SIXTH ANNUAL SENRYU CONTEST
Thank you so much to all the poets who participated in our contest this year. We received over 140 entries and our judge, Christine L. Villa, had a hard time picking the top five poems. Congratulations to the winners and many thanks for your support. Until next year, keep writing, editing, and polishing your undiscovered gems!
About Christine L. Villa:
Christine L. Villa is an award-winning tanka and haiku poet published in numerous respected online and print journals. Her collection of Japanese short-form poetry is entitled The Bluebird’s Cry. She is the founding editor of Frameless Sky and its imprint Velvet Dusk Publishing. She is also the editor of Ribbons, the journal of the Tanka Society of America. Website: www.christinevilla.com
Sixth Annual Senryu Contest (2020)
. . . into silence
- Vinay Leo R.
social media even there I wear a mask
- Susan Beth Furst
alone at the viewing lilies
- Kat Lehmann
not yet used to
- Pragya Vishnoi
of mother’s death
i set two tea cups
- Pamela A. Babusci
I chose this senryu as the winner because, in just five words, this poem encompasses the insidious consequences of fetal death. With the use of alliteration, it repeats the sibilant to create a tone of danger. If the side-effects of this misfortune are not prevented, it could lead to a chain reaction that would, perhaps, affect the lives of many.
In the first line, a fetus is declared stillborn. I hear silence just by reading the word, “stillborn.” Silence continues onto the second line as a mother is overwhelmed with shock, blame, guilt, grief, and unanswered questions regarding the cause of death. The ellipsis in the third line evokes the unexpected outcome—without a concrete explanation, deep empathy, and the support from the physician and other health workers, who are also at a loss for words, the effect becomes more detrimental to the mother. The bereaved couple “slips” into a space where “silence” becomes the best way to communicate. This overarching silence becomes unbearable and palpable when friends and family of the couple fail to realize the gravity of losing an unborn child.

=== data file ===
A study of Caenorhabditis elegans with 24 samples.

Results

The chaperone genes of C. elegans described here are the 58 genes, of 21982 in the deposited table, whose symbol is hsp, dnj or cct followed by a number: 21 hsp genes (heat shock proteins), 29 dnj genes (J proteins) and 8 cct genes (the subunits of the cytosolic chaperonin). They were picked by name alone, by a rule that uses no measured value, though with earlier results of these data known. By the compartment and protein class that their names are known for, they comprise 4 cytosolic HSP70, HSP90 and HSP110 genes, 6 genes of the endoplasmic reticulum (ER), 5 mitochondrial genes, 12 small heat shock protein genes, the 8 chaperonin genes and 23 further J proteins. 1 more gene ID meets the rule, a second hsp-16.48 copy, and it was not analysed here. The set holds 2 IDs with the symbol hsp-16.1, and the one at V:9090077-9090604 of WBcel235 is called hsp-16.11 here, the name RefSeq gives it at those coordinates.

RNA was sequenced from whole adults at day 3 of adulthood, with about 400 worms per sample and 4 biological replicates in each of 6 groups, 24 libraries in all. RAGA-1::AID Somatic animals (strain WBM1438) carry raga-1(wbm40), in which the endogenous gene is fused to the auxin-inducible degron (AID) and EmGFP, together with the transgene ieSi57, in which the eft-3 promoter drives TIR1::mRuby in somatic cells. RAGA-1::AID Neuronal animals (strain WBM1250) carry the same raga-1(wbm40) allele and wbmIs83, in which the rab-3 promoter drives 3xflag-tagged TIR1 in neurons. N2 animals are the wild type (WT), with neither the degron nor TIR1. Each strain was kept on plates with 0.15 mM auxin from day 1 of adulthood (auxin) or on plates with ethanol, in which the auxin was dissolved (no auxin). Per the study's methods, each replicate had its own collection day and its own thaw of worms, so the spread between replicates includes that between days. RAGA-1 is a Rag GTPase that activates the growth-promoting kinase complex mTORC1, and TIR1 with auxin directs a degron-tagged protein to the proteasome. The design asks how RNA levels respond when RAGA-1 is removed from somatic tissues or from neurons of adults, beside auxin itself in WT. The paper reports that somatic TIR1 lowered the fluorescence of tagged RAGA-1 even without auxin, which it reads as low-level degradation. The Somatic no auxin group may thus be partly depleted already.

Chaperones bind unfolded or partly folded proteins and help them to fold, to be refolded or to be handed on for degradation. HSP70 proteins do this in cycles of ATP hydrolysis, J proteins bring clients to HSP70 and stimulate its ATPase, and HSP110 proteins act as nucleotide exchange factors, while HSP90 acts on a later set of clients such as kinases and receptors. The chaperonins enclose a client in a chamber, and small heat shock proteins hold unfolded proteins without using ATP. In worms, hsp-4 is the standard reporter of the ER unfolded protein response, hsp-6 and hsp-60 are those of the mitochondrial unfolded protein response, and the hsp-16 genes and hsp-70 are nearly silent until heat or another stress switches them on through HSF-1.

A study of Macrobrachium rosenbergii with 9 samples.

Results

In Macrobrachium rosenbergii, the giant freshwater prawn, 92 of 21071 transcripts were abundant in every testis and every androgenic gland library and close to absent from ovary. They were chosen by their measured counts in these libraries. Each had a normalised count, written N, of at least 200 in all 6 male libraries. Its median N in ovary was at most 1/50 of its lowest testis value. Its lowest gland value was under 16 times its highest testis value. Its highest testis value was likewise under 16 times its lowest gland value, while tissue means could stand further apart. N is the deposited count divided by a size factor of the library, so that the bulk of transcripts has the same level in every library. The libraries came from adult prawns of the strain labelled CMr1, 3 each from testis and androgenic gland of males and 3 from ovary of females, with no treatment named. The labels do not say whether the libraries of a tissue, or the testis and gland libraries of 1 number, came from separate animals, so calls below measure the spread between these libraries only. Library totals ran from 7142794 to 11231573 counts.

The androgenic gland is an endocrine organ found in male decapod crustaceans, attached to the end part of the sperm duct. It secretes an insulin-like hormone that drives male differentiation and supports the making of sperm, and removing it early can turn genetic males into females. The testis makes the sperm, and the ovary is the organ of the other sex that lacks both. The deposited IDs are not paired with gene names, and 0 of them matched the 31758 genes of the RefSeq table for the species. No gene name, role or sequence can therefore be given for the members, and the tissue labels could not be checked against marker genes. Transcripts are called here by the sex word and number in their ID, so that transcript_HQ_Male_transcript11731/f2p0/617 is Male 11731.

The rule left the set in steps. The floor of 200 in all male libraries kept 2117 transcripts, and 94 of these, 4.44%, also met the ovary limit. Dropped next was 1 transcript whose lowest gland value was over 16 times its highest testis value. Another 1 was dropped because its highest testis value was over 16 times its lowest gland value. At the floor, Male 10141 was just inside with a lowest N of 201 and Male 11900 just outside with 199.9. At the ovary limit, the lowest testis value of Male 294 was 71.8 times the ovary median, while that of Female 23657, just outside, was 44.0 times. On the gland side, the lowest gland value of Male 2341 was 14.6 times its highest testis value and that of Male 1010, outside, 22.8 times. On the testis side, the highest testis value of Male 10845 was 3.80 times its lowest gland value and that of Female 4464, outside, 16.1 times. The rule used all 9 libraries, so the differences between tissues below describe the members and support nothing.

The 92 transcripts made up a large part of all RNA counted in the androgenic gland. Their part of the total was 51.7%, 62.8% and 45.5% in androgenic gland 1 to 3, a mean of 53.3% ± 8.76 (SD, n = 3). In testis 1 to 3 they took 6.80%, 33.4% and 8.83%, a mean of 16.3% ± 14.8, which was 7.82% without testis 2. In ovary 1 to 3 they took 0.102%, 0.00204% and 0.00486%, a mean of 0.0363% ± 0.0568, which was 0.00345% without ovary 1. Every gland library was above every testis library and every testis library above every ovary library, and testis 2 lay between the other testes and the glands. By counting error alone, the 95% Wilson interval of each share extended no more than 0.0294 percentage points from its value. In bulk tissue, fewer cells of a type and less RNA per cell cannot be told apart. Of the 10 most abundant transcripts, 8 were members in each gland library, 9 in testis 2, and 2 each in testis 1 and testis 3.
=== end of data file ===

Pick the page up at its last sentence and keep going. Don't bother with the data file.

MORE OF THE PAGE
I selected this monoku as the second place winner because it is not only relevant to our current Covid-19 pandemic situation, but also because it has a lot of dreaming room. Since we are living in uncertain and scary times, nobody feels safe anymore. This message is cleverly implied by the poet through the use of hyperbole. Obsessive compulsion and global paranoia have set in because of too much fear and the negative impact of the media. A lot of us are experiencing this now, but if it were to come to the point where we feel the need to literally wear a mask even when engaging on social media, then such an act would clearly serve as an indicator of our deteriorating mental well-being.
On second reading, the mask symbolizes the shield that the poet uses to protect themself from the toxicity of social media. While the positive aspects of social media are many, we cannot ignore the evils such as cyberbullying, addiction, and phishing scams among others. It is a topical poem that deserves our serious attention.
Upon first reading this poem, I pictured a funeral, a grieving person offering a bouquet of lilies to the departed loved one. Then, I saw another scene. A coffin with no family or friends beside it. Just lilies. Either scene is sad and depressing until one digs deeper into the poem.
The visual structure of this senryu signifies the very essence of life and death. The straight line shows our journey and it begins with the word “alone.” Just as Hunter S. Thompson says, “We are all alone, born alone, die alone...” But death is not seen as a dreadful moment in this monoku because it ends with the word “lilies.” Since lilies symbolize the purity and innocence that the departed soul will now return to, the reader feels a sense of peace and tranquillity. Having the word “lilies” at the end without the period also conveys the cyclical nature and the continuity of life in the form of rebirth.
Honourable Mention one:
I believe that you have to be a mother in order to fully understand the purport of this senryu. The first line, “midnight rain,” serves as a metaphor for the visceral feeling of this “not yet used to motherhood” state. It evokes the sleepless nights and struggles of caring for a baby and the postpartum depression associated with childbirth. Not having children of my own makes me wonder if there is indeed such a stage as “getting used to motherhood.” Just like the “midnight rain,” motherhood often takes you by surprise. In that sense, a mother is never truly prepared for the trials and tribulations that come her way. This poem skillfully highlights the constant challenges mothers face, just as much as life itself is unpredictable and prone to change.
Honourable Mention two:
This poignant senryu deserves recognition because it is not merely telling a story. It plumbs the depth of pain and leaves the reader with unanswered questions. Could it be that the daughter is reliving one of her many conversations over tea with her mother or is she, for the first time, sitting down and pretending to have tea with her mother, so she can finally confront her to ask for forgiveness, to share a secret, or to tell her things she never told her before? Reading this poem is both heartbreaking and comforting at the same time.